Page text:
Thursday, March 26, 2009

Masters degree

Jane (of See Jane Compute) and ScienceWoman have both posted stories about pursuing masters degrees that kind of make my hair stand on end. Especially Jane's. I don't have a terrible advisor story, but I thought I'd post about my masters anyway.

My masters experience was just weird. I thought about getting a masters for a long time. After I got two bachelors, I started working for the university. Eventually I moved out of the $7/hour job and into one with benefits, including fee remission. I couldn't decide between nutrition or information science, and for a long time it didn't matter since I was busy planning a wedding.

The week after I got back from my honeymoon, I was at lunch with a group. Our best man announced, "my class starts tonight. I don't want to take it alone. Who will go with me?" I wasn't doing anything that night, so I signed up. It was kind of boring, but kind of fun. I learned about flowcharting the operations of a hamburger stand. It was relevant to my work. The next semester, I took another class with my friend. I couldn't get any more credit after that if I didn't apply to the information science program, so I did. I convinced my boss and a colleague to write me letters of recommendation. I kept taking a class at a time in addition to working full time. It was fun. I learned really interesting things, like how to plan a library building and that it is a warning sign someone is embezzling if they refuse to ever take time off from work. I learned how to program in Perl. I learned about the history of magazines in the US and speculated about how Borders.com, B&N.com, and Amazon.com would work out.

Eventually, I joined some kind of leadership group for my program and started making friends. I found out that other people had researched different programs and chosen mine. It had never occurred to me to think critically about grad school, it was just there. Oh, and did I mention that my program didn't require the GRE? That helped.

If you want gossip, I will let you know that I became friends with my husband's ex-girlfriend. THE ex-girlfriend. The one who practically ruined his life. I became friends with her before I knew who she was. I remember the day I figured it out. "Huh, that's the same name as the ex. And she's from the same place. And has other similar features. What a funny coincidence. Honey, what's the ex's last name?" I was shocked that she didn't have horns, she was really nice. He was all, "um yeah, that's why I loved her so much."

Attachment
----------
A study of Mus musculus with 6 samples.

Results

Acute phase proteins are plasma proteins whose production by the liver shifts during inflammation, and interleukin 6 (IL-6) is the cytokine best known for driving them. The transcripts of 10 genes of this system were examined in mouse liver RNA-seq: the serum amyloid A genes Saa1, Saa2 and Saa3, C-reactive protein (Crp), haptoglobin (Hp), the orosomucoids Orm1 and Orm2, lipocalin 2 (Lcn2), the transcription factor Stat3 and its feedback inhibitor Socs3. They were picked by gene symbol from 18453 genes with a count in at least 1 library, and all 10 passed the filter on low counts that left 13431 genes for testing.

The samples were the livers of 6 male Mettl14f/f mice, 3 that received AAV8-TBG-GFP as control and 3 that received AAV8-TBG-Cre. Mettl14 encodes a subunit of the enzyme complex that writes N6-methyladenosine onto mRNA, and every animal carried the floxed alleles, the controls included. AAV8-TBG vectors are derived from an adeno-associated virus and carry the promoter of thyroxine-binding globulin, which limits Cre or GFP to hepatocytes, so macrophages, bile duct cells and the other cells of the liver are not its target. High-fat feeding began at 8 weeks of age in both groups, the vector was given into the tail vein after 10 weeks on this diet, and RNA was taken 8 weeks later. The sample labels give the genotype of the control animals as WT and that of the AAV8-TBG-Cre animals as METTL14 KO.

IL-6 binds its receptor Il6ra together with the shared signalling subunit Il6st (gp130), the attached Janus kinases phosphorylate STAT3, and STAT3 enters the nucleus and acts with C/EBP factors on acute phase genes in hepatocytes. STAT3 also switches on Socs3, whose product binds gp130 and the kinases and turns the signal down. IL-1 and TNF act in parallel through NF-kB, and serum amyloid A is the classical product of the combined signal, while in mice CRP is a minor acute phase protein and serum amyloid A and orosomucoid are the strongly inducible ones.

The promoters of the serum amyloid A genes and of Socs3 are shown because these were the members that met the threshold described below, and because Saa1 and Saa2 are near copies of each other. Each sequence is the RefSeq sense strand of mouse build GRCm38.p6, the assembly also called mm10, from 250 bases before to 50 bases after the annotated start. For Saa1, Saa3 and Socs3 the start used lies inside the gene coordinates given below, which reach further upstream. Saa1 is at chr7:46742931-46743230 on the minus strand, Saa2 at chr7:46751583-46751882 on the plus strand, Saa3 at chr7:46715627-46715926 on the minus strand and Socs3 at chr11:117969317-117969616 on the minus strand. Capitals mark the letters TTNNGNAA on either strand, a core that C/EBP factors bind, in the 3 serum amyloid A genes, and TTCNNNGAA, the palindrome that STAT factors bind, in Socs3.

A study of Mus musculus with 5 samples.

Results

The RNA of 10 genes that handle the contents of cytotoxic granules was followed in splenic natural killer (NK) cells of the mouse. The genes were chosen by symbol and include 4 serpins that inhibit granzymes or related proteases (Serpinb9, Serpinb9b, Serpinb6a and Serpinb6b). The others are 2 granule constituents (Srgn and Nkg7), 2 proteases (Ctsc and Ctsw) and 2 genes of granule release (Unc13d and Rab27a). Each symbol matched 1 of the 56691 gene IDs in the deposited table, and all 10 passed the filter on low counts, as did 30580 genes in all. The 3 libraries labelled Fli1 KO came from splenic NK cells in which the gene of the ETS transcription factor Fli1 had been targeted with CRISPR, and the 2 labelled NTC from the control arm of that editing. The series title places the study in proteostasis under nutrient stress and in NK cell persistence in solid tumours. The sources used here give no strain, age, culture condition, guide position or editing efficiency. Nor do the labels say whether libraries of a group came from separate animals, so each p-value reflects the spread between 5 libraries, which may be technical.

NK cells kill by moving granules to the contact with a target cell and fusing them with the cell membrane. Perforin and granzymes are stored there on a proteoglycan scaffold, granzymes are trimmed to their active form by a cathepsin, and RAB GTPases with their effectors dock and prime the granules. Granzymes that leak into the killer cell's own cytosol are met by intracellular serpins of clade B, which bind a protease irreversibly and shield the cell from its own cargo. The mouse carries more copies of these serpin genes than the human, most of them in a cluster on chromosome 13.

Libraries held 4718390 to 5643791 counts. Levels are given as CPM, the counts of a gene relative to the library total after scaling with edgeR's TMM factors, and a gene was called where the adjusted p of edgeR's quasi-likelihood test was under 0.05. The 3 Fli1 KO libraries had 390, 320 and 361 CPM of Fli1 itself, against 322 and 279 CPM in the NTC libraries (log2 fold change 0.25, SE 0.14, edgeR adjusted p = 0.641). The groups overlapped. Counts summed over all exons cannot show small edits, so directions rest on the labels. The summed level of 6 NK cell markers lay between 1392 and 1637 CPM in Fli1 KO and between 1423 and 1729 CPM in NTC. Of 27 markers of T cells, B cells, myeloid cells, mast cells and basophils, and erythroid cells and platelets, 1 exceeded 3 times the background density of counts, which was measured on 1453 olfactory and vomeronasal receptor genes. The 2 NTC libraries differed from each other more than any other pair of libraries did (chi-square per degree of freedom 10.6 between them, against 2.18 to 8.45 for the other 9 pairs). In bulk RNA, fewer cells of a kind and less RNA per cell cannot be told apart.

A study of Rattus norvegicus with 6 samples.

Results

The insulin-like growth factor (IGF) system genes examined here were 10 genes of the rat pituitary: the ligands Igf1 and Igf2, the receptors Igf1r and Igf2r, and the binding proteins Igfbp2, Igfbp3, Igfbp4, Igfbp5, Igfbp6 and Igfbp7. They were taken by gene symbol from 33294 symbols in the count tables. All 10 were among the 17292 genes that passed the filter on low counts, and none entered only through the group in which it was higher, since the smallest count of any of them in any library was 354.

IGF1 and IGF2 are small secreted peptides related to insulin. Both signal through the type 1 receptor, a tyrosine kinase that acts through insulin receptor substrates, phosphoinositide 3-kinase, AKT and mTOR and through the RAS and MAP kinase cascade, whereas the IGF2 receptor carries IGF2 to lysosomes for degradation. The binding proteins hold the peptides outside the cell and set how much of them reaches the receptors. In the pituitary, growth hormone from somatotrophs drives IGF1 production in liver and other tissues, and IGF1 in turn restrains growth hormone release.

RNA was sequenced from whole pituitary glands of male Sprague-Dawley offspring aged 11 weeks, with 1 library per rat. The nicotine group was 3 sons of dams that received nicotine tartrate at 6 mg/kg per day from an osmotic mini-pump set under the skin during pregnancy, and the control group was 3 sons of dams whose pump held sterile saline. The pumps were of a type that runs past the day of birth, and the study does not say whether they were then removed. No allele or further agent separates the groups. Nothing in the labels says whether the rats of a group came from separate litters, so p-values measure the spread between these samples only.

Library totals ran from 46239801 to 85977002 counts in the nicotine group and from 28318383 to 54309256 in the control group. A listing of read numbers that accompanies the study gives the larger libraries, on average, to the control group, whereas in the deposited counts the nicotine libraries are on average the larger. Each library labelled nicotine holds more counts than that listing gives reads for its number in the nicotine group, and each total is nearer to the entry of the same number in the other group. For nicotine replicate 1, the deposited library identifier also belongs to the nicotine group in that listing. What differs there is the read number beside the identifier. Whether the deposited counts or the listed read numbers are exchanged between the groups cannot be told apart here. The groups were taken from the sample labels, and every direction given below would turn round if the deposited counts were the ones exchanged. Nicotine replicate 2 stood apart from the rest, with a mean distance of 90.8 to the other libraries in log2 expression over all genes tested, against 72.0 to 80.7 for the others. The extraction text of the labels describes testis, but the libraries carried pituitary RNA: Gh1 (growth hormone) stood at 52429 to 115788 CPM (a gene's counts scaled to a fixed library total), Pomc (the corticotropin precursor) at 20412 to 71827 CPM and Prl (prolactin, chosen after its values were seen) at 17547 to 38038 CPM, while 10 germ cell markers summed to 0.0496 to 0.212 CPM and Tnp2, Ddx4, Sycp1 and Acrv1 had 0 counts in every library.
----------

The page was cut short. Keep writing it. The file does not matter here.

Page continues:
Because I was just taking a class or two at a time and wasn't on a Quest for Employability, I didn't really interact with my advisor. I took a class from him my last semester and it was great. I went to a party he was at and after I turned in my final paper, he took me (and others) out for a beer. But otherwise, I can't say we really interacted. I was much closer to another professor. My program also didn't require a thesis or research, just classes. I took what I wanted, when I wanted (or more accurately, when classes were offered in the evening and weekends.)

In the end I graduated about two years earlier than I'd hoped. We decided to move across the country for a Great Opportunity and so I stayed in town six months in order to go to school full time so I could get the degree. It was not optimal, especially since I was also working full time since I needed the salary and benefits. The very last month of school, I quit my job. It was GREAT. I would never work full time while I was in school again - the opportunity to think deeply, research more, collaborate with classmates, and just experience school was something I missed. But I couldn't have gotten my degree if I hadn't done it the way I did, so I don't regret my experience either.

I told a friend about this recently. She'd like a masters but isn't sure in what. I told her to just try it! Everyone she knows has a Big Plan for grad school and she doesn't. I'm the poster child for not having a plan doesn't mean you won't have a great experience.

3 comments:

Garth said...

My masters required the GRE, a thesis and comprehensive exams. Where did I go wrong! After all that I do not even work in my masters field. I switched from math teacher to computer geek. Ever try to find a course that teaches how to program a DSL router? Or a course on how fix a computer a kid has managed to install a bios password on? I should have stuck with math.